A very interesting debate has taken place on BalletcoForum on "how is leaving or staying with the EU going to affect the arts?" The thread has now been locked by one of the moderators but before the discussion was closed down one of the subscribers referred to an article by the arts writer Jessica Duchen entitled I'm IN, and here's why you should be too 25 March 2016 Jessica Duchen's Classical Music Blog.
Duchen gave a number of compelling reasons for remaining in the EU:
- British musicians will lose their treaty right to perform in other parts of the EU and EU musicians will lose their right to perform here with the result that "quality levels will most likely drop and career prospects for UK musicians will be unnecessarily hobbled";
- If British artists had to obtain work permits or visas to perform in the Schengen area logistics will be more complicated and costs will rise;
- many of our employment rights derive from EU legislation: "Take those away and the pro-Brexiters left in charge will get rid of your rights faster than you can say Emmeline Pankhurst";
- British students will lose their right to study in countries like Germany where there are no tuition fees; and
- it will be harder and more expensive to travel to concerts and other performances in the EU if sterling falls and the advantages that have been achieved by the Commission's intervention such as cheap fares cease to be available to us.
And the advantages of leaving?
"I've come up with....Duchen's views are shared by 96% of the members of the Creative Industries Federation including Deborah Bull and Andrea Stark, chief executive of High House Production Park in Thurrock where the Royal Opera House's Bob and Tamar Manoukian Production Workshop is located (see David Cameron Meets the Fed as Members Vote Remain May 2016). Andrea Stark writes:
Nothing. Null. Nix. Nada. Nul points. (Oh, right - perhaps if we exit Europe we would have to leave the Eurovision Song Contest. That would be an advantage because the British entries are usually so embarrassing.)"
“Our new costume centre would not have been possible without support from the European Regional Development Fund - crucially it unlocked the other funds necessary to make this development happen. The Bob and Tamar Manoukian Costume Centre will house costumes for Royal Opera House productions, and a new BA (Hons.) degree course in costume construction will be delivered from the centre’s bespoke workrooms.”Duchen mentioned a letter to The Guardian signed by 300 historians (see Lessons from history for the Brexiters 24 May 2016) although I have to say that I am more impressed by the views of 600 British economists:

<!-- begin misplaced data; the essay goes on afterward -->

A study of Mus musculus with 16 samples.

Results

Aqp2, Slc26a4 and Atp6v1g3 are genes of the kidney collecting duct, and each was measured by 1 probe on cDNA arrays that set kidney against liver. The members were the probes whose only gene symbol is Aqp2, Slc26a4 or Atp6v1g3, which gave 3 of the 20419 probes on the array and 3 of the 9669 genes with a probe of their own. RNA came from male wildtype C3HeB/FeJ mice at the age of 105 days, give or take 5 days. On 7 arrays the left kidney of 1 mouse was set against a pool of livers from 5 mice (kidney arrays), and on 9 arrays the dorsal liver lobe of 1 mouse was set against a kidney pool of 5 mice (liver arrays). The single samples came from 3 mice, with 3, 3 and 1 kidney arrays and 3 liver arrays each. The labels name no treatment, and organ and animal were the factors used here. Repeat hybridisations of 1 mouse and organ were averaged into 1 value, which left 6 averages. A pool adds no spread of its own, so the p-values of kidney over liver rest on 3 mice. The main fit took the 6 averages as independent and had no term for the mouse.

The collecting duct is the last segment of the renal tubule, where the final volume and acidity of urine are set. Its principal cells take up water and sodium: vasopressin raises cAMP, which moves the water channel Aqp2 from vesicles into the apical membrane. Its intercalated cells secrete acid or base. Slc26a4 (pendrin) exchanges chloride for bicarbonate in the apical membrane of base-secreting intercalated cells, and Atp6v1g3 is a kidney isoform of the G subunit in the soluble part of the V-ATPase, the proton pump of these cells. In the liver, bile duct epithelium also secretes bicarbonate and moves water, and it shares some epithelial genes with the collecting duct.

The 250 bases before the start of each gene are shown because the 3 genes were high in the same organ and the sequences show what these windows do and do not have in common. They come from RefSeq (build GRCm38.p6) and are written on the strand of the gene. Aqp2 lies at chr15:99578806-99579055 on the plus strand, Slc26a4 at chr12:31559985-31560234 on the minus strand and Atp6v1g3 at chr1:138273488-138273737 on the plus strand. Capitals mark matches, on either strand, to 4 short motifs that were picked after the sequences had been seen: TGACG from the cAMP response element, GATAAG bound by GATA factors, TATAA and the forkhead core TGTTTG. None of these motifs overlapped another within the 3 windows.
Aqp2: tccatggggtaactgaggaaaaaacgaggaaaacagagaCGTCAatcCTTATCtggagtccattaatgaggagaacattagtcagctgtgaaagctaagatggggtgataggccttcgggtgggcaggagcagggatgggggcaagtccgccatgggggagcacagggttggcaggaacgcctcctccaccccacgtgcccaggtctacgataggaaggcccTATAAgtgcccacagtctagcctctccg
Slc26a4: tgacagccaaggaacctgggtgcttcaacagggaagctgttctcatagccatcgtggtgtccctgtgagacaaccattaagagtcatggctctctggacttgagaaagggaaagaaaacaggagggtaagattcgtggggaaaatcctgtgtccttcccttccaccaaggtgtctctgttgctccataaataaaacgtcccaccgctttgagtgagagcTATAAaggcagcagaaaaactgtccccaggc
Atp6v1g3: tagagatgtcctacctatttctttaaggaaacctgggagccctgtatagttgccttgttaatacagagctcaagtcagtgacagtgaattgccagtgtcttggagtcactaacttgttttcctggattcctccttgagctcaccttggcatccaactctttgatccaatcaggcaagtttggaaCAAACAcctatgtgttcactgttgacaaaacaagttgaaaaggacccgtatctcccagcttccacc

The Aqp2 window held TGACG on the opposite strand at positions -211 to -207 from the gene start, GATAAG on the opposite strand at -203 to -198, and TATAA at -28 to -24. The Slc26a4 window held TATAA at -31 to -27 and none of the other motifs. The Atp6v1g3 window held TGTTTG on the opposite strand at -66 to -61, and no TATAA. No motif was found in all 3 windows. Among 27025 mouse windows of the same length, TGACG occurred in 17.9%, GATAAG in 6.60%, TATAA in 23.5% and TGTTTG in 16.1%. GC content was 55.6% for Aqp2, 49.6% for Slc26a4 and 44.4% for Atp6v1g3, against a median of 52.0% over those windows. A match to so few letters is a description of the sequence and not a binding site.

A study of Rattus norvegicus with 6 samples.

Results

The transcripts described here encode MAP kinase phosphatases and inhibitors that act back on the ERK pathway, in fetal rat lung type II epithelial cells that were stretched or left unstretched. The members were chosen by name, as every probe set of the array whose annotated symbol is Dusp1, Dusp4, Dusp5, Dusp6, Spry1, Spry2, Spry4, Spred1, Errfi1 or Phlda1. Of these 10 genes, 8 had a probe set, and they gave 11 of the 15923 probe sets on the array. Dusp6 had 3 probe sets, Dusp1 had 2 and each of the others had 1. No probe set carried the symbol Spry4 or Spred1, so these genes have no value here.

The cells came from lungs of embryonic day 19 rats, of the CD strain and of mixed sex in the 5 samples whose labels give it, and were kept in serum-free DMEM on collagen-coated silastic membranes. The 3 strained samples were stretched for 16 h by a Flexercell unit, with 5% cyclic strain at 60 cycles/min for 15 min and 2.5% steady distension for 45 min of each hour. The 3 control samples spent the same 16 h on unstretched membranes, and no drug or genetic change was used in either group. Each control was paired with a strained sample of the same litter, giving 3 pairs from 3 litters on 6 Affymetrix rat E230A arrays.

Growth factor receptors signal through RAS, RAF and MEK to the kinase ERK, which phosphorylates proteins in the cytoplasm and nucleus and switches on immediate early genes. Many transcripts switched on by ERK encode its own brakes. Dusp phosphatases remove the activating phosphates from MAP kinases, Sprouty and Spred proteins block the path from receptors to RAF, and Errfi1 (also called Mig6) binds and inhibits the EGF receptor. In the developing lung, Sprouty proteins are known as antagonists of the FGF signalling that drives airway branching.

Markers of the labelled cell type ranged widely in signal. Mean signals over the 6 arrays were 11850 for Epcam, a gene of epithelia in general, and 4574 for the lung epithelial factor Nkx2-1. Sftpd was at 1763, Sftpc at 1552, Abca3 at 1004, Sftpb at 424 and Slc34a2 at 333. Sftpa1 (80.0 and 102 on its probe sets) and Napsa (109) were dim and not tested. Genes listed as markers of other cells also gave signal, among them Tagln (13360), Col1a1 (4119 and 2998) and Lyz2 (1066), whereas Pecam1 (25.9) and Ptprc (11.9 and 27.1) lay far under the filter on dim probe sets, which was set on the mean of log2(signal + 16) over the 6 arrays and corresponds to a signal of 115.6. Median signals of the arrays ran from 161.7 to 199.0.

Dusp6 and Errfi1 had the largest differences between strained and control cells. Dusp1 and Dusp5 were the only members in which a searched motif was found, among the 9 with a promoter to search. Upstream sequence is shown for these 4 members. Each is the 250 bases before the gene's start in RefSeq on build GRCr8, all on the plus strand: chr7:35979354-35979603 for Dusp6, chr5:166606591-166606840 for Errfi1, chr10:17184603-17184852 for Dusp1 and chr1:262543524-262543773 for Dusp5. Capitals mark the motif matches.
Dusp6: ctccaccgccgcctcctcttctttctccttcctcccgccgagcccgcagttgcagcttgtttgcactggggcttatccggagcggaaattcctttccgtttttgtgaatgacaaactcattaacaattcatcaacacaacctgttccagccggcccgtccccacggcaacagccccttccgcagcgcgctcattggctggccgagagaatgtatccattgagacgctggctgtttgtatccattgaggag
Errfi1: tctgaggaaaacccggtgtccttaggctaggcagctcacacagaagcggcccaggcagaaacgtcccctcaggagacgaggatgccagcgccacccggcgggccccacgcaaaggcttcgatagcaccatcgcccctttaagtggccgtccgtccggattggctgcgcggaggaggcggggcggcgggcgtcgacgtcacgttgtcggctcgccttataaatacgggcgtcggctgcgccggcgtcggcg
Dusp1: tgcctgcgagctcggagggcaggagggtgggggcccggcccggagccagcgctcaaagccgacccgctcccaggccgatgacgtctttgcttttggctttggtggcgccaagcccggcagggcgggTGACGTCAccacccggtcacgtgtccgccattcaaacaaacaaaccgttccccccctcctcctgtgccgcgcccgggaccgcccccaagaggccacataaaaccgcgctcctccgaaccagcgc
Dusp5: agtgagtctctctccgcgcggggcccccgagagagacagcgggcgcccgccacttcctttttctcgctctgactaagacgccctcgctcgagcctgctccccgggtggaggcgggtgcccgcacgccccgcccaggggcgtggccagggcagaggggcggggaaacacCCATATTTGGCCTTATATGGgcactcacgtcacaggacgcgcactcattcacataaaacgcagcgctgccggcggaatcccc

"Poll shows 88% of 600 experts fear long-term fall in GDP if UK leaves single market, and 82% are alarmed over impact on household income" (see Economists overwhelmingly reject Brexit in boost for Cameron 28 May 2016).Or, indeed, the view of The Economist itself (see The Brexit Delusion 27 Feb 2016).
There is a contrary argument (other than xenophobia) based on the contention that the EU is too inward looking, too bureaucratic and decreasingly important in a world in which trade will gravitate increasingly towards East Asia and that we can run our economy better and secure better access to the markets of China, India and other countries outside Europe through our own efforts than in concert with our continental neighbours. I see some force in that argument but at the end of the day it is a matter of judgment and on the balance of probabilities I think it is wrong. Though I have formed my view independently, I draw comfort from the fact that it coincides with that of the Prime Minister, the Leader of the Opposition, the Chancellor of the Exchequer, the Governor of the Bank of England, the Managing Director of the World Bank, the President of the United States and all the other luminaries from around the world who have weighed into the referendum debate on the side of Remain.
Nevertheless, I would vote Remain even if the economic arguments were stacked the other way. I have been inspired by the European ideal ever since I was a child. One of the sources of that inspiration is a common European culture. That culture is expressed through literature, music, painting and, of course, the performing arts. In particular the art of Terpsichore, which evolved in the courts of renaissance Italy, was codified in 17th century France, refined in Paris, Copenhagen and St Petersburg, conveyed to England by the Ballets Russes and now flourishes in theatres, opera houses, studios and even draughty gyms and church halls the length and breadth of the United Kingdom.